By Michelle Cassell
CARRBORO — The Town of Carrboro City Council approved a resolution on Tuesday to place its third truth plaque on the homeplace of Toney and Nellie Strayhorn.
The Strayhorn home, located at 109 Jones Ferry Road in Carrboro, is the location of one of the first Black families in the town.
The text on the plaque will read, “Enslaved in Orange County, Toney and Nellie Strayhorn were one of the first Black families to settle in Carrboro. After purchasing 30 acres of land, they built a one-room log cabin in 1879, which has been added to over the years. This home is a historic landmark and a testament to their faith, resilience, and determination to persevere.”
Truth plaque program started in 2018 when Carrboro council member Jacquie Gist created a committee to communicate history about the town name and its ties to North Carolina State Legislator Julian S. Carr, a prominent figure in the white supremacist movement. The committee presented this first truth plaque to the council in 2019, which was approved. The second truth plaque is at the former Freedmen’s School site on North Merritt Mill Road next to the St. Paul AME Church and adjacent to the Carolina Car Wash. The Strayhorn plaque will be the third.
Toney Jinkins Strayhorn was born in 1850 in Orange County as an enslaved child on the plantation of Samuel Strayhorn. As was customary at the time, enslaved people took the last names of the slaveholder when they were freed.
According to a technical report prepared by Legacy Research Associates of Durham for Orange County in May 2016, the plantation was located on 178 acres in the Blackwood Farm Park near Hillsborough and in the Chapel Hill Township of Orange County.
An oral history by Toney’s great-granddaughter Delores Clark and her daughter Loire Clark provides first-hand recollections.
“Toney’s mother was taken from him at age seven and sold to another enslaver in Hillsborough. He never saw her again,” Delores said.
“His mother’s last words to him were ‘be a good boy, be a good boy,’” she said.
Toney grew to adulthood on the Strayhorn plantation. He stayed several years after being freed in 1865.
Toney ventured off the plantation and met and married Nellie Carolina Atwater Stroud in January 1876, according to the Hanna Ruth Foundation historical account written by Toney’s great-great-great-granddaughter, Lorie Clark.
Nellie had also been enslaved. A 1950 interview with Nellie appeared in the Archive of the Carrboro Citizen on July 28, 2011.
“When the Yankees come the first time, all hands was in the field,” Nellie was quoted in the Citizen story.“They asked Mother if she knew she was free. She said, ‘no sir,’ and I was standing right beside her. They said, ‘We fought to free you.’ They was nice but we was afraid. We weren’t used to those blue suits, shiny buttons, and the guns at their sides.”
Delores said Toney and Nellie had no shoes and sold vegetables until they were able to purchase 30 acres in Carrboro.
In 1879 the Carrboro area was densely forested. Toney cleared his land and built a one-room log cabin for himself and his wife. Their life there was abundant and self-sufficient. They raised everything they needed to live on except for sugar, coffee, and flour.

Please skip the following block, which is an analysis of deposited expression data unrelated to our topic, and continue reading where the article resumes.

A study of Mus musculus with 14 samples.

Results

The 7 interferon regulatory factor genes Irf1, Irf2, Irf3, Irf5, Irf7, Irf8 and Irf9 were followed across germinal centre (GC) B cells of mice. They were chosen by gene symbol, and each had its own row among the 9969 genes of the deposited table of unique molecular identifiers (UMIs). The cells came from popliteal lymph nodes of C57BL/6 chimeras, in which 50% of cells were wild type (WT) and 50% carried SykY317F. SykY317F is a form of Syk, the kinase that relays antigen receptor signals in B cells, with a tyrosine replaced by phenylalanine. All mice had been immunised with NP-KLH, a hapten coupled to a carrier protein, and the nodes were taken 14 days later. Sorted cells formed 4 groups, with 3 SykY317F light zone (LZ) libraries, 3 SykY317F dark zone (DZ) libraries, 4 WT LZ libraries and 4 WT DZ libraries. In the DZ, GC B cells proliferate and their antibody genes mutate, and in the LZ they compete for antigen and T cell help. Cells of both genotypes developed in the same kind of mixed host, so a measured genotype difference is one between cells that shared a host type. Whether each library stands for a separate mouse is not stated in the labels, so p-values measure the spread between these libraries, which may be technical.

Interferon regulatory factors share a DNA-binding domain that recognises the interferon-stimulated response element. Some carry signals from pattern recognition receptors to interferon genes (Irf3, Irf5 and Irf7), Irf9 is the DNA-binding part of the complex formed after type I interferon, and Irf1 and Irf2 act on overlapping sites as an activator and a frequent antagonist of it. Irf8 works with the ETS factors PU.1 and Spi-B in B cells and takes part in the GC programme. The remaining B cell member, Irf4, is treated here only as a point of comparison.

“They even raised cotton that they would take to the mill and sell,” Delores said.
Delores described her great-grandfather as a “visionary” man of great faith. He taught himself to read and write while often sitting on the back porch when the moon was out.
“My great-grandmother never learned to read or write. She relied on my great-grandfather,” Explained Delores. “Back then, they were not allowed to have lights on in the house. That is why he would sit on the back porch to read in the moonlight.”
“In those days, Black families kept the lights off at night to protect themselves from getting attention from the Ku Klux Klan,” Lorie told The Local Reporter.
“The Klan would ride at night looking for homes with lights burning which could mean Black people were reading, and they saw that as forbidden,” she said.
Toney was a man of faith and became a minister after learning to read the Bible. He was one of the founders of the First Baptist Church (formerly Rock Hill Baptist Church).
Toney added onto the original home as his family grew. He trained himself in brick masonry in addition to farming. Nellie became a community youth advocate, and together they had two children, William and Sallie Strayhorn. Both children and Sallie’s husband, Fred Barbee, died early, leaving nine grandchildren that needed a home, from toddlers to teenagers.
Lorie wrote, “Toney said, ‘I will raise them even if I have to live on bread and water,’” adding they were raised well and lived long, productive lives in Carrboro.
The Strayhorn homeplace is not on the National Register of Historic Places, but it is in the process of being considered once more restoration work is completed. Delores Clark still lives in the homestead with her grandson.
“Six generations of the Strayhorn family have lived in the home,” Lorie said.
Terri Buckner, co-chair of the Truth Plaque Committee, said the committee continues to work on finding and explaining historic locations in Carrboro. The committee hopes to have a fourth plaque ready before the end of the year.
A formal ceremony will be held when the Strayhorn plaque is installed, and the public will be invited to attend.
Michelle Cassell is a seasoned reporter who has covered everything from crime to hurricanes and local politics to human interest over the course of 35 years. As assignment editor, she hopes to encourage writers of a wide range of backgrounds and interests in TLR’s coverage of Southern Orange County news.